Talking Story

Last Christmas I ordered a deep red down-filled coat based on a picture and a few stellar reviews  on a website. The knee-length coat promised to keep me warm during fall and spring soccer games and maybe even through a college football game or two. Better yet, it was on sale. My husband was thrilled when I told him what he got me. He and the kids wrapped it up when it came and put it under the tree.

I should’ve known that as excited as I was to get it, it was bound to be a bit of a letdown. When I tried it on, the sleeves felt a little short, and the jersey lining that sounded so cozy in the ad  sparked and snapped with static. Wearing it, I felt more Michelin Man than carefree breezy suburban Mom, less likely to burst into winter song and serve hot chocolate than sulk in the car in a too snug coat. Based on the reviews about its generous size, I’d ordered it a size smaller than usual.

Should’ve known better.

But it was a Christmas present and difficult to return, so I stuck it in the mud room closet and promptly forgot about it until today when I was heading out the door wearing something more suitable for summer than the sleet and snow blowing outside. Why not, I thought, it comes to my knees and who cares if I look like the Stay-Puffed Marshmallow Man? We’re headed to the grocery store for bread and milk, not lunch at the Four Seasons.

Zipping it up, I was surprised. It was loose, almost too big, although my wrists still poked out more than I’d like. I popped in the bathroom to check it out in the mirror. The thirty pounds I lost this fall made a difference. While I’d never look svelte wearing a maroon arctic sleeping bag, at least I didn’t look like an over-stuffed sausage anymore. When my husband yelled down the stairs that he’d be a couple of minutes longer and knowing that usually meant twenty, I decided to check my email.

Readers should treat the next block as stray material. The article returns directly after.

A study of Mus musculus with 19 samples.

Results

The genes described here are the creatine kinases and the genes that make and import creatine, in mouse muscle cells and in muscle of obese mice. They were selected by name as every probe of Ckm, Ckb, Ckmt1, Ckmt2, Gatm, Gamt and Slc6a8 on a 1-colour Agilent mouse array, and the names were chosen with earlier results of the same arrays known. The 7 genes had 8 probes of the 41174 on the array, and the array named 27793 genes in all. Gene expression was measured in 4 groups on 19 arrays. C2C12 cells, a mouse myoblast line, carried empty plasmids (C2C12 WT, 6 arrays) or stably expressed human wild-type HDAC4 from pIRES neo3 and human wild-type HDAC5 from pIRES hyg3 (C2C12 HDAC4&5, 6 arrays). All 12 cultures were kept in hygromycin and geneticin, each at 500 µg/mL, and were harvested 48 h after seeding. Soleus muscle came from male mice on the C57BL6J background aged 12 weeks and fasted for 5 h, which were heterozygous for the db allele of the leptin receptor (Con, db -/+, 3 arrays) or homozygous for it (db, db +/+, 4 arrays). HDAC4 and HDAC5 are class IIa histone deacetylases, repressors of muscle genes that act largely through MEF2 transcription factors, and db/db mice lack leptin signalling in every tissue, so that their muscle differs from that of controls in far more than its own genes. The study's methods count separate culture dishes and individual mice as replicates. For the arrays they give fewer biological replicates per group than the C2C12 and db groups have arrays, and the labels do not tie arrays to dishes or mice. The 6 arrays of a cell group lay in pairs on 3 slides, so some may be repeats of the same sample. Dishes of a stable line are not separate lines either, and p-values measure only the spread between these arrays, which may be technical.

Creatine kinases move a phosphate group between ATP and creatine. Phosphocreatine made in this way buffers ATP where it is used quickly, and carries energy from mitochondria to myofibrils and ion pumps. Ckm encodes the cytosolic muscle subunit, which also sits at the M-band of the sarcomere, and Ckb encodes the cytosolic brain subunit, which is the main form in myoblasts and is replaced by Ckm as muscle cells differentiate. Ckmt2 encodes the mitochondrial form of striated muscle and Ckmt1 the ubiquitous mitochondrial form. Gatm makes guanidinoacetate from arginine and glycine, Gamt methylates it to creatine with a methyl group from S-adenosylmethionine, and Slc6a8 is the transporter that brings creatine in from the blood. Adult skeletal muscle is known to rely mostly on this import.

And that’s when the magic happened.

Ten minutes later my husband found me typing away, tweeting and facebooking about how much winter chaps my hide.

“You’re wearing a coat,” he said.

“Yeah,” I said. “You gave it to me for Christmas last year.”

“A down-filled coat. In the house.”

There’s a reason for his surprise. When it snows, normal people wear coats, sweaters, and shoes. I don’t. I forget there’s an option to shivering miserably. It doesn’t matter that I’ve live through more cold winters now than tropical ones; I’m hard-wired for slippahs, cotton shirts, and shorts. I’m sure it’s some kind of deficiency of either genetics, vitamins, or quite possibly my character. Going from house to garage to car, there’s virtually no temperature change. I honestly don’t think about how cold it is until it slaps me in the face when I arrive at my destination and open the car door. Like a gecko my body tends to equalize to the ambient temperature. I’m chilled through fall and winter and well into spring.

It doesn’t help that I can’t work a jacket’s zipper; lining up the two ends and sliding one side into the other and pulling the zipper up is harder than calculus, requiring dexterity and a zen-like state of mind that slips just out of reach. I mentally hyperventilate whenever I have to zip up a coat. Some things you have you learn as a child or they just don’t stick.

But the longer my husband stared at me happily typing away about the evils of snow and ice, I realized something. In my office, with its two walls of windows usually the coldest (or hottest!) room in the house, I was warm, all the way to my knees. The padding on my sleeves protected my forearms from the bite of my desk’s edge, yet allowed my wrists to fully extend to the keyboard, freeing my fingers to dance. It was amazing, far better than huddling on the coach under a blanket or staying in bed and trying to work on an iPad.

That’s when I knew: this is not a grocery-store-sleeping bag-sideline-soccer-Mom coat!

It’s a magical anti-winter writing coat!